They called it “The Great Raid.” It happened at Cabanatuan Prison Camp in the Philippines on January 30, 1945. One journalist wrote, “The raid on Cabanatuan remains the most successful rescue mission in U.S. military history.”
For nearly three years, survivors of the Bataan death march had languished in Japanese POW camps. The healthy prisoners had been shipped off to do forced labor for the Japanese. Only the sick, weak and injured remained.
When General Douglas MacArthur returned to the Philippines in 1944 and began his assault to free the nation, the occupying Japanese responded by executing POWs in one of their camps. The American military leaders became concerned for other POWs, including long-suffering captives from Bataan who were being held at Cabatuan. They hastily planned a daring rescue mission.
Colonel Henry Mucci led 121 Army Rangers, along with Alamo Scouts and 80 Filipino guerillas in a brilliantly executed covert march 30 miles behind the Japanese lines. The rescue force avoided thousands of nearby Japanese troops and surprised over 200 guards at the camp. Most of the enemy were quickly killed in the assault.
Here’s what happened next, as reported by witnesses: Removing the prisoners… was an unexpected obstacle. Conditioned by captivity, many POWs thought the raid was a trick to kill them as they fled. Few recognized the Ranger uniforms that had evolved from blue to khaki during their years in captivity. Prisoners hid in their shacks, latrines and irrigation ditches. When the Rangers yelled to the POWs to come out and be rescued, the captives resisted their rescuers. Rangers sometimes had to resort to physical force to remove the detainees, throwing or kicking them out.
In the end, 513 POWs, including a few civilians, were rescued. Only one POW died in camp during the battle—of a heart attack. All but one captive survived the ensuing race to safety. Most of them were carried on the backs of rescuers or rode oxcarts to safety. Not a single POW was left to their captors, although one deaf, British prisoner was missed at first. He awoke the next morning to find he was the only living person in the camp. After a leisurely shave, he walked out to freedom. It’s an amazing story.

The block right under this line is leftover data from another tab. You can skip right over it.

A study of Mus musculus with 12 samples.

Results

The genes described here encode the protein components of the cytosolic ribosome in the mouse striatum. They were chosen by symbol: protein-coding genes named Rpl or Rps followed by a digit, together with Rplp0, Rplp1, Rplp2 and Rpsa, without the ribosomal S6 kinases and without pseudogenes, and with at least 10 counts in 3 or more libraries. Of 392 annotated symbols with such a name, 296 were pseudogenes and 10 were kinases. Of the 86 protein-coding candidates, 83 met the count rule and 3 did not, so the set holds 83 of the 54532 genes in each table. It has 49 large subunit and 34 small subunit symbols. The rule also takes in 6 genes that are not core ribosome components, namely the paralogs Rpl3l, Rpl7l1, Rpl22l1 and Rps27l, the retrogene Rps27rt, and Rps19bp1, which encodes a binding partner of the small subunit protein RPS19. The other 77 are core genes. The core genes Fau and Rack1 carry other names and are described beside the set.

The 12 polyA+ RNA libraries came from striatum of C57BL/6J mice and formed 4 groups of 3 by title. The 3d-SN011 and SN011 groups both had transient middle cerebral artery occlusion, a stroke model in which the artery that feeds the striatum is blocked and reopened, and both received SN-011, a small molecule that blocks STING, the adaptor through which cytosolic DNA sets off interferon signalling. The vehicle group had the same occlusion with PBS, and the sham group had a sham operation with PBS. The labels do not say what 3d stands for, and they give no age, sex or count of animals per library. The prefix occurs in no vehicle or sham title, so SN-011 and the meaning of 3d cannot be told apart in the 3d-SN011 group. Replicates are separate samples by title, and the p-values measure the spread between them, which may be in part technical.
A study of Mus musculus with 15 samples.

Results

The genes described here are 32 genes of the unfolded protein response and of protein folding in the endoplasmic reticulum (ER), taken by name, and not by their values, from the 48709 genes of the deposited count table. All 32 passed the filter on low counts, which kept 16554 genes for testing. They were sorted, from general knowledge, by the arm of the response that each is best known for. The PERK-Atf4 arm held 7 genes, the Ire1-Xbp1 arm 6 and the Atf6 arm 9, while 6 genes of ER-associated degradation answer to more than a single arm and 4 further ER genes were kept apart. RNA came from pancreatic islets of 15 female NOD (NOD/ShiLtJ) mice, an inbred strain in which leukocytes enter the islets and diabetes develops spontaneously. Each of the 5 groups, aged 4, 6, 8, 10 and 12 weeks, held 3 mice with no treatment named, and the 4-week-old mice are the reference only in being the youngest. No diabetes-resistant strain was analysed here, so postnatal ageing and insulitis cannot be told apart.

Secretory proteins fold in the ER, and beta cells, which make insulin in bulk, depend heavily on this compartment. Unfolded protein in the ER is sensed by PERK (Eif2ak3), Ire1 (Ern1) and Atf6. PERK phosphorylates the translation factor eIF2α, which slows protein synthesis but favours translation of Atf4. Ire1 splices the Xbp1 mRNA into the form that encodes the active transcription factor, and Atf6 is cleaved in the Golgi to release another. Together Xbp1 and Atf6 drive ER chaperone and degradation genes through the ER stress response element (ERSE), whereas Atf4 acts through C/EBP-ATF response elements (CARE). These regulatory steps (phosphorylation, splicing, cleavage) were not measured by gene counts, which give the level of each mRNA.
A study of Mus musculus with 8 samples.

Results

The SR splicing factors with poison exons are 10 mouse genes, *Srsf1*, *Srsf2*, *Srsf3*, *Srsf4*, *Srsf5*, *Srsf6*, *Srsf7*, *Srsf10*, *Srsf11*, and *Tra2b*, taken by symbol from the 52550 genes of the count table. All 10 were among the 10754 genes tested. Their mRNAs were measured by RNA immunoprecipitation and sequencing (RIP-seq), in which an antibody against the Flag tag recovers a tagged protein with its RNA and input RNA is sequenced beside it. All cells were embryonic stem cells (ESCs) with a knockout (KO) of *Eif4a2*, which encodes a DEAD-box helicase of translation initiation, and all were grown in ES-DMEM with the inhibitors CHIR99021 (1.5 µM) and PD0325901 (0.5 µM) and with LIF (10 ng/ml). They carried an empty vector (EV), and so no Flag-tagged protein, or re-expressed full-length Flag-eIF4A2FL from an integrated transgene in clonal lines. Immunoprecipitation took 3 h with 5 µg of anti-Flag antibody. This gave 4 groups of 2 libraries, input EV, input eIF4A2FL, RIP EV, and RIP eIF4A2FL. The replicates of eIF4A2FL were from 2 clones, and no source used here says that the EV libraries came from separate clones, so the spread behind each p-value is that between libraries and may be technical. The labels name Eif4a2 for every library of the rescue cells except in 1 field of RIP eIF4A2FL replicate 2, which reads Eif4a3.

Followers of Jesus are being fired upon from all sides. Atheists. Agnostics. Muslims. Philosophers. Politicians. Media. Schools. The entertainment industry. Even other believers. The question is whether to return fire. Many Christians do shoot back at their critics. It happens all the time. Just check out the comment section of any religious or political blog. The culture wars are a bloody mess. It’s ugly on all sides.
Jesus, Peter and Paul taught their disciples how to respond when under attack by unbelievers. They all gave the same command: Do not return fire! This won’t make sense to Christians in battle until we realize bullies are not enemies to be shot; they’re captives to be rescued. They may be conditioned to their prison and they may heap abuse on their would-be and often foolish rescuers, but they are not the enemy; they’re POWs. This changes everything. Rescue teams don’t waste time criticizing bullies; they attack the real enemy to win freedom for the captives.
We’ll talk about how to respond when fired upon by bullies this coming Sunday.